PC World has learned Facebook will announce Monday that it is building a full-fledged email system into its 500 million member-strong social network, according to a source within Facebook. The official announcment of the new email offering will come Monday at a planned Facebook press conference at 10 a.m. PT.
Now users won't have to leave Facebook to send e-mail to their friends, but rather click into a new email link in Facebook to compose and send messages. The Web-based email offering has been created from the ground up, according to a Facebook employee familiar with Monday's announcement, and is not just be an improvement of Facebook's existing limited Messaging system. The email client will allow you to swap e-mail with anyone within Facebook or outside Facebook that has an email address.
Watch Out Google
The move makes sense -- it's simply the latest volley in Facebook's war with Google to be the place where people spend most of their time on the Internet. Google currently owns this honor, but Facebook has proven that it's addictive service can hold people's attention for long periods of time. In terms of Internet advertising and marketing, this is extremely valuable.
Facebook is clearly trying to match all the services Google provides around its core search capability. Beyond its messaging capabilities, you can also already share links, photos, and video clips as well. There's an instant messaging chat tool. A partnership with Skype allows you to make voice calls from the platform; Google only recently added this capability to Gmail. E-mail is the piece that has been obviously missing, and now it is here.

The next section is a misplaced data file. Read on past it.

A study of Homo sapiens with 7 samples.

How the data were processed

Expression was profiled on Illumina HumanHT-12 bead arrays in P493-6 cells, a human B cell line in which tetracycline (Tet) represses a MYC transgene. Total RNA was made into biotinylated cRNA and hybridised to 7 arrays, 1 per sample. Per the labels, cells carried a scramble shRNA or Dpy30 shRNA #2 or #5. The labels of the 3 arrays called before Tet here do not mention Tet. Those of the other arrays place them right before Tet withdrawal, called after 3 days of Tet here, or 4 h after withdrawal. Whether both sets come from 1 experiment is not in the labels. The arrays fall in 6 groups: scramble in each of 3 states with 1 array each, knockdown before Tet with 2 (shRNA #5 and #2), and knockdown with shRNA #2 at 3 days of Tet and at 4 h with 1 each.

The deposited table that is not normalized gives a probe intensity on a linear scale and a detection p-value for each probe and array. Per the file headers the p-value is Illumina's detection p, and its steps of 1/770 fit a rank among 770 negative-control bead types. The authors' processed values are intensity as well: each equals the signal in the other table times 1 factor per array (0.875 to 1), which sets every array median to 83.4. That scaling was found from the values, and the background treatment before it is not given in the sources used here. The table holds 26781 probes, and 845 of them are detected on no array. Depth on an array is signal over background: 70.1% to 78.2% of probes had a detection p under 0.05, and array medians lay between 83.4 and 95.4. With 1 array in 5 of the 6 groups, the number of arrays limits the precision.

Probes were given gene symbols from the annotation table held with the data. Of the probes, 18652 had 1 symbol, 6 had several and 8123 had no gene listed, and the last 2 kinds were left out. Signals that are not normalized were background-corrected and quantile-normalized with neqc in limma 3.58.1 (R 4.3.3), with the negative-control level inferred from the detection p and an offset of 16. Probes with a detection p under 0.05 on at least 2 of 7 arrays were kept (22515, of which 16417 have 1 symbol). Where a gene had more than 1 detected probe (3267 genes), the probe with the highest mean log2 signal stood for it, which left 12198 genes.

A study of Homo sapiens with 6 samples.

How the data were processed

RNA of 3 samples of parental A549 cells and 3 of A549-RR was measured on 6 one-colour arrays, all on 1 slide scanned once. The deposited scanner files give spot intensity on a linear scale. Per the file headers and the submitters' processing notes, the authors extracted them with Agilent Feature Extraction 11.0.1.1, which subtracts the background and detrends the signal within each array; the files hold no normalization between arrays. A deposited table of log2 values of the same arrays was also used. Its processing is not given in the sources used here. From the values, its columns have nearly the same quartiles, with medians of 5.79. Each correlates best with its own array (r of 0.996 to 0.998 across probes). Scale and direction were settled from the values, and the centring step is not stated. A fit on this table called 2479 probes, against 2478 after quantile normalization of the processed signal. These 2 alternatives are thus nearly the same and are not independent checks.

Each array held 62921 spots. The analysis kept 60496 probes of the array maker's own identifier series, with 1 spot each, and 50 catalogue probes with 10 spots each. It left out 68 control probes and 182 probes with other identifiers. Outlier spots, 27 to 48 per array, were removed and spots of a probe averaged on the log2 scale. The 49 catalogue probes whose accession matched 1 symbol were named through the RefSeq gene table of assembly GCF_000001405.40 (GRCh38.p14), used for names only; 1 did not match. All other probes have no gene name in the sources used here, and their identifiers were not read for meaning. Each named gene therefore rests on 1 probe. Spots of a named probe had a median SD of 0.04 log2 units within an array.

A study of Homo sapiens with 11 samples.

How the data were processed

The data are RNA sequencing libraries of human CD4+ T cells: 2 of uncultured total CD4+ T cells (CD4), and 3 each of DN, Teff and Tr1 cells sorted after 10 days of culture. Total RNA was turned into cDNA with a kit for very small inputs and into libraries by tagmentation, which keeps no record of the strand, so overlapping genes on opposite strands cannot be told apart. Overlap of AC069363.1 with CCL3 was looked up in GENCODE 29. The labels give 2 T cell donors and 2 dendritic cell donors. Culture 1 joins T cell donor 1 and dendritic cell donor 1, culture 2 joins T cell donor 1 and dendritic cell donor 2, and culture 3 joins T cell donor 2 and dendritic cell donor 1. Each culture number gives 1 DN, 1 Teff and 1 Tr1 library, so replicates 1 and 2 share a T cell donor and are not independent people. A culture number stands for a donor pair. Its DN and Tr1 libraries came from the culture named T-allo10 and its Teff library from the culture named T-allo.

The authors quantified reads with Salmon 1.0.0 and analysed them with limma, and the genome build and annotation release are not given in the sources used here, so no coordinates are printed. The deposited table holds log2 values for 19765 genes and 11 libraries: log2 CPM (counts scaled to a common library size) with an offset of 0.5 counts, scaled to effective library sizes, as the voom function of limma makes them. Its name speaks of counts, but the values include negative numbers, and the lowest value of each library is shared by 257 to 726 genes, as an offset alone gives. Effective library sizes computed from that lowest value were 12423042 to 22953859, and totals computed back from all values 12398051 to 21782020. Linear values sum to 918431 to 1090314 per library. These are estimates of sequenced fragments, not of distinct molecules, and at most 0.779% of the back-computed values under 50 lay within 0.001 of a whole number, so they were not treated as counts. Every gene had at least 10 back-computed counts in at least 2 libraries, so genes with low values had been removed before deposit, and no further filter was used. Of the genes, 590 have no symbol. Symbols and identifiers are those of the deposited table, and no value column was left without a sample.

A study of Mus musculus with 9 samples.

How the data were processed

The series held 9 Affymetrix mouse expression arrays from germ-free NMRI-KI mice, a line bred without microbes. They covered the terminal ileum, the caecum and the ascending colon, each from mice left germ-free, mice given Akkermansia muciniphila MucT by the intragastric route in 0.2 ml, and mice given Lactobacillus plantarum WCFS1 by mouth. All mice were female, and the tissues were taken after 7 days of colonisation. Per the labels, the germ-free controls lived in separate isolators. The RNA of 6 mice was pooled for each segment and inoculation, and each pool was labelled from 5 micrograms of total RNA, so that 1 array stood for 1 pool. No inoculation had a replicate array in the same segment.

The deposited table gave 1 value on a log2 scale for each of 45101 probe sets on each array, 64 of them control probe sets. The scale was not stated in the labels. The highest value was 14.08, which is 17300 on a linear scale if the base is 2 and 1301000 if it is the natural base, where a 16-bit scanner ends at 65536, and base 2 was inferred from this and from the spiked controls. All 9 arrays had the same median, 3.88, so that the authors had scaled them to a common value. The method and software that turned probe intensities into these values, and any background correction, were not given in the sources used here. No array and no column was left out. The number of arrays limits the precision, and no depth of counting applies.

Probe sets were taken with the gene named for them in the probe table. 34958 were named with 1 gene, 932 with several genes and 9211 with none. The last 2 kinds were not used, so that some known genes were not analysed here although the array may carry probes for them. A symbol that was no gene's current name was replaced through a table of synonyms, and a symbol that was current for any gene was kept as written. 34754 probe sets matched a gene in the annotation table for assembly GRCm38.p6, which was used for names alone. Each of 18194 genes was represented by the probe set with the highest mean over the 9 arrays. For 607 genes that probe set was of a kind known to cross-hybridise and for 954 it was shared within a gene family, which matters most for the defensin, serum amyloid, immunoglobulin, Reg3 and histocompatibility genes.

We will be getting a look at the actual Facebook e-mail client later this morning, and will report back with more details. It is, however, expected that 'vanity' Facebook URLs, like www.facebook.com/marksullivan will turn into email addresses, like email@example.com.
There is certain to be more privacy discussion around this move, as Facebook begins hosting our e-mail data at its servers. What new information from our e-mails will Facebook collect and add to our social graph? But it's the same old bargain: are you willing to give up a little more of your privacy in exchange for a free and convenient new service?
More details to come during the Facebook announcement here in San Francisco.